Since 2000, West Fargo has more than doubled in population and households. Most of this growth occurred around the Sheyenne Street corridor, and has outpaced expectations incorporated into the recently completed Long Range Transportation Plan.
From downtown to I-94, the stable residential neighborhoods sought a balance between access to their homes, bicycle and pedestrian activity, and increased traffic moving between downtown, the neighborhoods, and interstate.
Every morning and evening, the I-94 interchange is oversaturated as people go to-and-from work. During peak hours, long queues block adjacent intersections in the morning and extend onto the interstate in the evening, creating challenging and serious safety issues. This was only expected to worsen as West Fargo and the surrounding cities in the southwest metro area reach full build out.
South of I-94, the explosion of residential development has created an active bedroom community, where more than half of West Fargo’s population live. The predominantly residential development results in an auto-centric area as people must leave to reach places to shop, dine, and work. This auto traffic, combined with lack of multimodal facilities has resulted in increased conflicts between pedestrians, bicyclists, and cars.
Sheyenne Street required a planning process that could respond to the distinct needs of each area of the corridor that included capacity and safety enhancements, pedestrian and bicycle improvements, traffic calming measures, and an innovative interchange solution.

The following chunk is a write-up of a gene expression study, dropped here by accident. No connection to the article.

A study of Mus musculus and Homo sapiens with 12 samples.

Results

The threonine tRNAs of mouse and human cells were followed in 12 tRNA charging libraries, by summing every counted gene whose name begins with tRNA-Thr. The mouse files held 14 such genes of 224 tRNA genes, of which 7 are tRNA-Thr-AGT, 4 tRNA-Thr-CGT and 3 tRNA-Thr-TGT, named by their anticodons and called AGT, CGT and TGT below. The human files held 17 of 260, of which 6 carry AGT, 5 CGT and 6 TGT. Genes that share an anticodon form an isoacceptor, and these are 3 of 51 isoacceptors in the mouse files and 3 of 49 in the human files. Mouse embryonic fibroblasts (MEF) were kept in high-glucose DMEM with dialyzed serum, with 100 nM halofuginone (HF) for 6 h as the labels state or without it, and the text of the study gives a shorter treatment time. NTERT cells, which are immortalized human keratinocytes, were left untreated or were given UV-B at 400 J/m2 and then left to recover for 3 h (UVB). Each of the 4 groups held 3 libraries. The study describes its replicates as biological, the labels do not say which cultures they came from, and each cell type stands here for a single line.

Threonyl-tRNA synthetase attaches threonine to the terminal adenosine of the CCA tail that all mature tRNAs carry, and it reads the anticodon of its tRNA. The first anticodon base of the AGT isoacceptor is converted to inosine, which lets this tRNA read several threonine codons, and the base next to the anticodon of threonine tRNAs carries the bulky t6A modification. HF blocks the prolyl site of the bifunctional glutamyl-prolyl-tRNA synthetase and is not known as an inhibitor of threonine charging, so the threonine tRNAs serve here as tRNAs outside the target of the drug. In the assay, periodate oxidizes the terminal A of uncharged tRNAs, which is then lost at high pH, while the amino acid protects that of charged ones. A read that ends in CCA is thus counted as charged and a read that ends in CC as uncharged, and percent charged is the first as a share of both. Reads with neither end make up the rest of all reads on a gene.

KLJ worked with neighboring cities, Fargo and Horace, to understand their growth potential and possible impacts to Sheyenne Street. The team also completed a land consumption analysis based on historical platting patterns to refine estimates of full build out along the corridor. These estimates were incorporated into the travel demand model to evaluate impacts of different growth scenarios on traffic forecasts. KLJ incorporated the refined growth projections into microsimulation models to evaluate operations and safety (crash potential). The microsimulation models allowed us to address the unique travel challenges on Sheyenne Street.
KLJ developed the Modified Single Point Urban Interchange design (MSPUI) to address the travel patterns of Sheyenne Street. Like a traditional Single Point Urban Interchange design, the MSPUI combines the ramp intersections into one intersection. However, the MSPUI allowed northbound and northbound to eastbound I-94 traffic to travel without stopping through the interchange area.
To gain consensus among technical stakeholders, KLJ brought together 15 transportation experts from the City of West Fargo, Cass County, Fargo-Moorhead Metropolitan Council of Governments, and the North Dakota Department of Transportation. After a field review to understand the existing issues, the attendees prioritized the criteria (safety, mainline operations, local operations, cost, and environmental impacts) which was then applied to the technical scoring. Based on the technical analysis and the priorities of the stakeholders, the innovative, first-of-its kind, MSPUI design was identified as the preferred alternative. The MSPUI was the only alternative studied that will provide acceptable operations through 2065. Through a rigorous public and stakeholder involvement process and a responsive planning approach, KLJ and West Fargo developed the Modified Single Point Urban Interchange design, which combined the ramp sections into one intersection that could move directly into design and construction.
The design resulted in 60 percent less delay and reduced total crash potential by 60 percent. The improvements will provide a multimodal corridor that stretches the entire north-south length of West Fargo, serving all users. This project was awarded an American Council of Engineering Companies of North Dakota, Engineering Excellence award.